Amanda Serrano and Danila Ramos made the most of the first modern women’s boxing match to go 12 three-minute rounds, delivering 36 busy minutes in Orlando, Florida.
Nobody got the vapors, neither needed a fainting couch, and it wound up a conventional women’s fight with more time and more punches.
Serrano (46-2-1, 30 KO) ran the fight from start to finish, seldom taking a backwards step while successfully defending all but one of her undisputed belts in front of a packed, fired-up crowd.
Only the WBC didn’t approve, standing alone against the other three major sanctioning bodies.
Ramos (12-3, 1 KO) fought courageously, moving constantly and planting whenever she could to try and score some power shots. But, she didn’t have the pop to discourage a relentless Serrano attack. Ramos started swelling on the left side of her face at the start of the 2nd round. And in the 4th, Serrano charged ahead intensely, snapping Ramos’s head back and worsening the damage around Ramos’s swollen eyes.
Nice action in the 5th, with Ramos planting and trying everything she could to get Serrano to back off. Credit to Ramos throughout the fight for rarely holding or smothering, even in her most survival-focused moments. Serrano hurt her high and low at various points in the second half, but Ramos kept moving and throwing. Her courage gave us a lot of exciting exchanges rather than the tedium of watching her trying to clutch her way through the distance instead.
I had it a clean sweep for Serrano, matching 120-108 scores from all three official judges. It was a much better show than the lopsided scores would suggest, and I enjoyed every extended minute because of the tenacity and toughness of Ramos. Legs didn’t get heavy, punches didn’t get soft, and the action never fell off. Serrano said afterwards that she hopes to fight the rest of her career in 12x3 events, and she didn’t seem at all troubled by the extra work tonight.
It’s fun to see history, but it’s even better when a milestone fight is actually entertaining. I’d rewatch this ten times before I’d suffer through a rerun of Tyson Fury becoming a champion against Wladimir Klitschko.
Damian Lescaille KO-9 Ray Barlow
Damian Lescaille delivered a dominant, punishing performance in the chief support, demonstrating power that Ray Barlow just couldn’t match. Barlow (7-4, 4 KO) took a knee in the 4th, and was hurt badly again later, taking quite a beating in the 5th round. But, he survived both, and his corner kept sending him out for more.
Lescaille (6-0, 4 KO) was teeing up without fear throughout the 6th round, and this one probably could have been stopped at least four rounds before it finally ended. Barlow did land one big shot late in the 7th and won some exchanges in the 8th, but got obliterated on a savage right hand late in the 9th.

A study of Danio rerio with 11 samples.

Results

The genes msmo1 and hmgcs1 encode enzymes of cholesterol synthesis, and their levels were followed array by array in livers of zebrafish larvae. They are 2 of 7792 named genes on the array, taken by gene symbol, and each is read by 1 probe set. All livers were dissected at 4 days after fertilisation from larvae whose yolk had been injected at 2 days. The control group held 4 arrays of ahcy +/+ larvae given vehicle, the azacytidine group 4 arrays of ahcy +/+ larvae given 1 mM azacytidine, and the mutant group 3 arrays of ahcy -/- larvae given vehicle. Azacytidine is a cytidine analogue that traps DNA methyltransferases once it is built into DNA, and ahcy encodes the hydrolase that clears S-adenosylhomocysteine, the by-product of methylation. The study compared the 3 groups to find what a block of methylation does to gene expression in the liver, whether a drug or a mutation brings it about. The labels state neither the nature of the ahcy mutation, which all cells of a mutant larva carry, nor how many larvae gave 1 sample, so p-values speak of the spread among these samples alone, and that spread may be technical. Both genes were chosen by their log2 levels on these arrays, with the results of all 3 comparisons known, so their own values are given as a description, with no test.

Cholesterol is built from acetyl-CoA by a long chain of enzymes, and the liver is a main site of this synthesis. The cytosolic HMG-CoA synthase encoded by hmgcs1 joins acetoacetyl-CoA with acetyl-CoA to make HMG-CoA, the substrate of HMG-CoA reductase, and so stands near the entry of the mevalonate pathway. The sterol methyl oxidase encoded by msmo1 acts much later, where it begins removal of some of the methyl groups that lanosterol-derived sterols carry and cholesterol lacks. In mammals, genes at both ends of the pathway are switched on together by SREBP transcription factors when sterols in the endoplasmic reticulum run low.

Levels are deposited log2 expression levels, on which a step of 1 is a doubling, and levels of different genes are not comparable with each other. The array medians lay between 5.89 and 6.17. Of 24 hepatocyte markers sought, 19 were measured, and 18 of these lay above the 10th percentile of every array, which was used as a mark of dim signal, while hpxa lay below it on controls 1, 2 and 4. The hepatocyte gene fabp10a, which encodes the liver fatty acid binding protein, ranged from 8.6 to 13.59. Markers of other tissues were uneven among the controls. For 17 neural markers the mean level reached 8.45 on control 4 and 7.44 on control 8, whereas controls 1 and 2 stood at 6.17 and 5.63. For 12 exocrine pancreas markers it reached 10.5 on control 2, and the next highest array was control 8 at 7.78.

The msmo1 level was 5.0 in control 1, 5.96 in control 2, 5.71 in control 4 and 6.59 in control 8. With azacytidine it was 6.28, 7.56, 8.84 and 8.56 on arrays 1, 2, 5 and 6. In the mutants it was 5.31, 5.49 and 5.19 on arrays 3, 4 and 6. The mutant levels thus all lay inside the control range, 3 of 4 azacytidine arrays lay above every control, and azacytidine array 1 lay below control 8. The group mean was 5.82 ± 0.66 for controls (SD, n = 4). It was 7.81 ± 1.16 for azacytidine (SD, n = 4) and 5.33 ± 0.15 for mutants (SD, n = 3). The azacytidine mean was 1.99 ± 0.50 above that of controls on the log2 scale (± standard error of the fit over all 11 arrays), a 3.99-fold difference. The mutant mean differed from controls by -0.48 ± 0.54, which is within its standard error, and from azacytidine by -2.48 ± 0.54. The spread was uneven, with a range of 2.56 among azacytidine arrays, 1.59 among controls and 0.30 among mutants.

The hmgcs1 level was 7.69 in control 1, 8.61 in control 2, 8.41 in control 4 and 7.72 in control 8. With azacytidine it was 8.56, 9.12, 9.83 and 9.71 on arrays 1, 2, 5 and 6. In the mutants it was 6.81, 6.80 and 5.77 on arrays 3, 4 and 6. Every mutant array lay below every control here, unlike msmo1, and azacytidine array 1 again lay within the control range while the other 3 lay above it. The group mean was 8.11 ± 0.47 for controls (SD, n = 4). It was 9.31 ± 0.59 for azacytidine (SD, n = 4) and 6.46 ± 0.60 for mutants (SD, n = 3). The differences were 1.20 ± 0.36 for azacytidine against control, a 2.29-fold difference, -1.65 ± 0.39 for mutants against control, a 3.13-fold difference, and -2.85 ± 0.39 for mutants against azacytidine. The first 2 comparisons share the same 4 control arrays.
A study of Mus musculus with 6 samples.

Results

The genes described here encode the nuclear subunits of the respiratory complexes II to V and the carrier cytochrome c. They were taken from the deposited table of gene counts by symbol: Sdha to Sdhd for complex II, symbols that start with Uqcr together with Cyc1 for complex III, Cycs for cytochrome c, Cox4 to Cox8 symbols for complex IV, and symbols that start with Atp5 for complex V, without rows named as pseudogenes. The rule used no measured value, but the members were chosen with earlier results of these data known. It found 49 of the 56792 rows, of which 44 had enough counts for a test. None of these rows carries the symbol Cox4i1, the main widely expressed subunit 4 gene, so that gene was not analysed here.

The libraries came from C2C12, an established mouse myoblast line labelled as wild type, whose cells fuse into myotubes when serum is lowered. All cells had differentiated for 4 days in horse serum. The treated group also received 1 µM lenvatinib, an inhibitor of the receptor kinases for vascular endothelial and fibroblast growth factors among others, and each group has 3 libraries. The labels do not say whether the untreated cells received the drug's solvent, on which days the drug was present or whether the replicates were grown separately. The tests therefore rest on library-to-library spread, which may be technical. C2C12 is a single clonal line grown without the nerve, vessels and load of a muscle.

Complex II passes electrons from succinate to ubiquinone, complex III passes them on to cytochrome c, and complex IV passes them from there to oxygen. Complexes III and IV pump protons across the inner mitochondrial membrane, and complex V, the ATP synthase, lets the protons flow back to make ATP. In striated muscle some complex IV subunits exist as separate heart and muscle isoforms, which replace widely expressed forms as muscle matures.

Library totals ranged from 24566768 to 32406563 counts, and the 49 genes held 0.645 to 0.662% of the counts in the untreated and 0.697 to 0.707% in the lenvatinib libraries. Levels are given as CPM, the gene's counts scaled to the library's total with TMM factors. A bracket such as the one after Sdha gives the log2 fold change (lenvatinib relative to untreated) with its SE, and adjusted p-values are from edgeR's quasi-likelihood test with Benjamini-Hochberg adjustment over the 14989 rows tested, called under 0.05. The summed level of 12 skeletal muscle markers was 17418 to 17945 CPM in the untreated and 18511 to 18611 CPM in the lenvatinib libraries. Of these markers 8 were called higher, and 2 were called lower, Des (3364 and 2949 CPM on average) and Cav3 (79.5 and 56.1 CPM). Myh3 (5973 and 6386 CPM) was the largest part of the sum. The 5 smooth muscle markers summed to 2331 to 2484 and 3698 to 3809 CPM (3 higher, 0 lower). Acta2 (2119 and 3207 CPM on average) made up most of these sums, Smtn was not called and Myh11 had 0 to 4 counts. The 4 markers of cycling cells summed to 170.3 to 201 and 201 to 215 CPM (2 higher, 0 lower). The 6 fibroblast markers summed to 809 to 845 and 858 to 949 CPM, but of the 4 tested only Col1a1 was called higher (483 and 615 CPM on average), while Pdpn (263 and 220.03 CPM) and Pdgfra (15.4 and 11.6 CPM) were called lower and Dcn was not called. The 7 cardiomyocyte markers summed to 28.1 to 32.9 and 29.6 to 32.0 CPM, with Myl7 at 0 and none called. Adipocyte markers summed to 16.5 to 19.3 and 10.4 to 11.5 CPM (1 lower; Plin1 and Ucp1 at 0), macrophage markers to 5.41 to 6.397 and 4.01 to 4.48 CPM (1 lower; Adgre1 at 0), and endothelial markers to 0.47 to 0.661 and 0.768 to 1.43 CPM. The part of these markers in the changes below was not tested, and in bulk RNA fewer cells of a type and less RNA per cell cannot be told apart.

Make sure you check out the finish… Most years, it would be a contender for Knockout of the Year.
Benigno Aguilar SD-6 Alexander Rios
Alexander Rios and Benigno Aguilar gave us a fun little defense-optional action fight. Rios (7-1, 3 KO) was the most defensively negligent, which would cost him dearly in the 5th round when Aguilar caught him with three big hooks that put Rios on the mat. But, Aguilar (11-0, 4 KO) couldn’t finish the job, and almost punched himself out trying. The knockdown would prove enough, swinging the fight from at least a draw to a split decision victory for Aguilar on official scores of 58-55 Aguilar, 57-56 Rios, and 57-56 Aguilar.
Here’s a look at the knockdown. And, just for funsies… The Rios ring entrance, featuring a Brazilian Carnival theme, a white tiger tail and baseball cap with glitter and wings, and a bunch of people in panda costumes.
Krystal Rosado UD-4 Kata Pap
Clean sweep victory for Krystal Rosado (2-0, 1 KO) who spent most of the fight bleeding ugly from the forehead thanks to some accidental head clashes. Kata Pap (1-1, 1 KO) gave a good effort, but she didn’t have the snap on her punches (or the customary footwear) to hurt or threaten Rosado.
Damazion Vanhouter UD-4 Nafys Anas
A little foolishness in the opener, as Nafys Anas (4-1, 3 KO) had his hair dyed Ronald McDonald red, but it hadn’t set completely. Within 90 seconds, it was staining his forehead and the arms and shoulders of Damazion Vanhouter (5-0, 3 KO). The mess was bad enough that the referee paused the action between the 2nd and 3rd to have the Anas corner wipe down dripping red dye.
As for the fight itself? Vanhouter got caught at least twice with big left hands, but wasn’t rattled, and otherwise mostly had his way of things. Official scores were 40-36, 39-37, and 39-37.